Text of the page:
Consider yourself a dyed-in-the-wool Deadhead? A lover of the cultish and mysterious? A fan of all things Ursa (that’s bear in Latin for the kids at the back)?
Then you’re going to want to strap in for this one, because it’s going to be quite a ride.
Let’s get up close with Grateful Dead’s surreal and iconic dancing bears.
Where symbolism is concerned, the dancing bears are certainly nutrient-rich, chock full of good-for-you allusions, metaphors, and insinuations.
While you don’t need an advanced degree in semiotics to uncover the mysterious magic of the dancing bears, some crib notes certainly won’t hurt.
“Bear” Stanley and the Backstory of the Grateful Dead Bears
The dancing bears weren’t there from the start – indeed, they had their debut in 1973, well into The Grateful Dead’s career.
They first appeared on the back cover of the album The History of the Grateful Dead, Volume 1 (Bear’s Choice). And what a choice it was, as the bears have taken on a whimsical life of their own in the cult surrounding the Dead.
But it gets trippier. The bears were designed in honor of one of the band’s first sound engineers, Owsley “Bear” Stanley, who was also a practicing chemist and the man behind a large portion of the LSD being circulated in the States at the time.
Often called the Acid King, he was one of the first private producers of LSD in the world.
Needless to say, he was a counterculture icon in sixties San Francisco. Rumor has it that the nickname originated in his childhood, due to his wild and unruly chest hair.
“Bear” Stanley was pivotal in the tape trading culture that blossomed among Dead fans. He recorded many live performances and distributed the resulting tapes, enhancing the communal, grassroots mood of the Dead’s fandom.
“Bear”, in tandem with Bob Thomas, also designed the “Steal Your Face” logo and the “Lightning Bolt” logo (originally created to keep track of the band’s instruments at shows).
Needless to say, “Bear” was foundational to the early success of the band, and his legacy was captured in the dancing bears.
“Bear’s Choice” wasn’t just a twee and playful name for a killer compilation album. The live recordings on the album were, quite literally, chosen by “Bear Stanley” from his personal archives.
The Aesthetics of the Dancing Bears
Thomas used a goofy-looking 36-point leaden slug bear as the inspiration for the design, which resulted in the playful, light-hearted appearance of the bears.
The bears chart the trajectory of the rainbow, illustrated in sunny shades of yellow, green, orange, red, and blue.
Although Stanley later clarified that the bears are not, in fact dancing, in the popular imagination that impression has stuck.
If you put the bears in a flip book in order and flip through them you will see that they are actually doing a high step march. But “marching bears” doesn’t sound quite as evocative, does it?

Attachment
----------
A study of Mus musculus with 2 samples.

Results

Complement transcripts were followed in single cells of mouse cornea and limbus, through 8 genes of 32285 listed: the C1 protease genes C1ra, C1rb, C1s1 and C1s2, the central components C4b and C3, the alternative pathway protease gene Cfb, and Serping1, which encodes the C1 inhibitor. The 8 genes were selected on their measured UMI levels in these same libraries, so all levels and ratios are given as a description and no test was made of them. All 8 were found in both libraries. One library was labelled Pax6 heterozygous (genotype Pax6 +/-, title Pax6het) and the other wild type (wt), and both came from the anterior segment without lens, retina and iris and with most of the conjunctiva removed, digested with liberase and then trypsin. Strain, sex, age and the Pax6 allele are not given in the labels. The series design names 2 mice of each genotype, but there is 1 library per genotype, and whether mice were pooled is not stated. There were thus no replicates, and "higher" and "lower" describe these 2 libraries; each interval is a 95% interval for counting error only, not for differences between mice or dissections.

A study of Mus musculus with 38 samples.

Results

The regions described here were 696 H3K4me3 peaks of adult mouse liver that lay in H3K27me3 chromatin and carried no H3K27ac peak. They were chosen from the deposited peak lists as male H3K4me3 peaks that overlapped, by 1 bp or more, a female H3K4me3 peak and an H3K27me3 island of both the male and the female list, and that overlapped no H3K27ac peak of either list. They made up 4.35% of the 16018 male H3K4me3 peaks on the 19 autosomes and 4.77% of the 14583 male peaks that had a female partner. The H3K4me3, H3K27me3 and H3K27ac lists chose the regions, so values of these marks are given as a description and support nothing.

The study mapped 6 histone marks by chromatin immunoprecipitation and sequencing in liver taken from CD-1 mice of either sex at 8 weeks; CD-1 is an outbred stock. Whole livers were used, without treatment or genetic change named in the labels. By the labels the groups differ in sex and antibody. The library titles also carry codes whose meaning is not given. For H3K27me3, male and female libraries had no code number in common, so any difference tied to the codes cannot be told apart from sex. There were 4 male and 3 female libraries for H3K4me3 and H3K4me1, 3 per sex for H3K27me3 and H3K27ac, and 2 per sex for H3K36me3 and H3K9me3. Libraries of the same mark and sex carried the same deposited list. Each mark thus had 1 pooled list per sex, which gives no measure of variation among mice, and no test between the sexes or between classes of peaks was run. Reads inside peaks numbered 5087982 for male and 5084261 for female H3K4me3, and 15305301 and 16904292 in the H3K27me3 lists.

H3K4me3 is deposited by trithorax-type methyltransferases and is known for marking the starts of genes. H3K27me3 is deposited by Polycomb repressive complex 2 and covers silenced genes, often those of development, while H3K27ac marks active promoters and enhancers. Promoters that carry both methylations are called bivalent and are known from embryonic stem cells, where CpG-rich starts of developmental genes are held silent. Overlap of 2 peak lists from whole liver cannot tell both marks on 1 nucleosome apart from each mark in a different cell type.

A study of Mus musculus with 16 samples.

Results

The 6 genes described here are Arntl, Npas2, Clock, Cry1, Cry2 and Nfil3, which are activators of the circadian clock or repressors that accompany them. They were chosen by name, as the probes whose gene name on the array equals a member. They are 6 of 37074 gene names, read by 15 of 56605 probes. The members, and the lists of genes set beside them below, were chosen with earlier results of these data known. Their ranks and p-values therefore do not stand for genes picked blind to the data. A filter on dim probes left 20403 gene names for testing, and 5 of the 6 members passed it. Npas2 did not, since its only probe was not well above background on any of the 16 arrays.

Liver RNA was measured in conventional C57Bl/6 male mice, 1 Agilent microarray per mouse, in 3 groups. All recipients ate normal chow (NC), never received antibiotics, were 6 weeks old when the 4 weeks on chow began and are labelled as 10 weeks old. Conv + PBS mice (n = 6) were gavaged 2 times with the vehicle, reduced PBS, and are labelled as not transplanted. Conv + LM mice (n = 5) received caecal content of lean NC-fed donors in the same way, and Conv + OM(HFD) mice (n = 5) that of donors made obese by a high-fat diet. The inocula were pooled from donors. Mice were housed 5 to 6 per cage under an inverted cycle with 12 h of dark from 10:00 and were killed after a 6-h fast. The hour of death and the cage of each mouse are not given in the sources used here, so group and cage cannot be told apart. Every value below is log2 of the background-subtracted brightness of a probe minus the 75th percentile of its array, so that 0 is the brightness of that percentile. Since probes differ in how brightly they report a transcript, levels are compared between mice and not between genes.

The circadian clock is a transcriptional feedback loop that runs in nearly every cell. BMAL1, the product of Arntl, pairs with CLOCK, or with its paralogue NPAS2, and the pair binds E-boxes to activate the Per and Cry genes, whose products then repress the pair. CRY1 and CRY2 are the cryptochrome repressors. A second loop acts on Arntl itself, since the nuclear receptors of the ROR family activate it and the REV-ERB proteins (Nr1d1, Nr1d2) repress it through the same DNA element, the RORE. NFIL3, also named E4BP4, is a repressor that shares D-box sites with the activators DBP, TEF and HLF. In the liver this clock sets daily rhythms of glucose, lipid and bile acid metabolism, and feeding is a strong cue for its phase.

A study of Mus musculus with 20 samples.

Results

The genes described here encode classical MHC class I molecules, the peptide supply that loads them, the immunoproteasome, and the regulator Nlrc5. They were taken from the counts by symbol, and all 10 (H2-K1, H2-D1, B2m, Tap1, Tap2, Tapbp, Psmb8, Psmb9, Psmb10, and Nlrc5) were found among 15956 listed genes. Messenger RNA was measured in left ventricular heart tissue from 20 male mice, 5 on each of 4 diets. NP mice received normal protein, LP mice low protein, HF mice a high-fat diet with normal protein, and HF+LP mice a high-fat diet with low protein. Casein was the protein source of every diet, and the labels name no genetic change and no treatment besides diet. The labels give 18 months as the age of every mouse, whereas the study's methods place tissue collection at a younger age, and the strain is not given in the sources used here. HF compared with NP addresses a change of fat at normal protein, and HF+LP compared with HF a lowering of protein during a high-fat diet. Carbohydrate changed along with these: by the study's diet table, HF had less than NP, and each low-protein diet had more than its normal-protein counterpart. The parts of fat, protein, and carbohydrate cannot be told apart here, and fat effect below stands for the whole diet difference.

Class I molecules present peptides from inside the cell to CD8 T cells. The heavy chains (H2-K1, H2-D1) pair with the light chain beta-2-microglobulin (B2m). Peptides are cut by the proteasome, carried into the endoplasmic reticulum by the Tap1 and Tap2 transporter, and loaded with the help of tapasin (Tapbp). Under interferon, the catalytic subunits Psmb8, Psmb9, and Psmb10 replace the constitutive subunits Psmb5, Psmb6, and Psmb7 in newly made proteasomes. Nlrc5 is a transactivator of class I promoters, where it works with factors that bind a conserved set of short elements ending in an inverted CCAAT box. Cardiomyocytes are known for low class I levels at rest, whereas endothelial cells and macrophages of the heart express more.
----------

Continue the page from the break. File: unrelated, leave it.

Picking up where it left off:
The LSD Connection
But wait, things keep getting wackier. “Bear” Stanley started incorporating the bears into the blotter art for his LSD tabs, which were in heavy demand at Dead concerts.
This meant that fans could trip on custom-made, artistically-inspired dancing bear acid while watching the concert. What I wouldn’t give to go back to those times.
In this way it is clear how the bears not only represented the offbeat, idiosyncratic, creatively potent world of prog-rock, but also how they came to be a stand-in for the psychedelic counterculture more generally.
The Symbolic Legacy of the Deadhead Bears
The Grateful Dead dancing bears have an insouciant, joyful intransigence to them, as though they are bucking conventions to live a life of hedonistic pleasure-seeking and philosophical musings.
The bears laugh in the face of polite society, refusing to grow up, get a job, and put down roots. Instead, they march on, jovial and self-assured, dancing to music only the cool kids can hear.
The bears have since become part of the aesthetic and artistic legacy of the band.
They began to crop up on t-shirts, stickers, pins, and merchandise (both official and homemade) as the seventies progressed.
The dancing bears are to The Grateful Dead what the four symbols are to Led Zeppelin, or the tongue and lips are to The Rolling Stones.
The iconography serves both to further the band’s overarching message, and also serves as an accessible entry point into their philosophy. The bears invite casual listeners to stop and ponder, and dig deeper into the expansive, mind-bending symbolism.
What I love most about the dancing bears is that they serve as something of a postmodern hermetic totem.
There are few obscure, mystical contemporary Faustian symbols in the popular imagination, but the dancing bears serve as an antidote to our surface-level culture.
They represent a space-age symbolism, a visual meme rich in allusions and metaphors.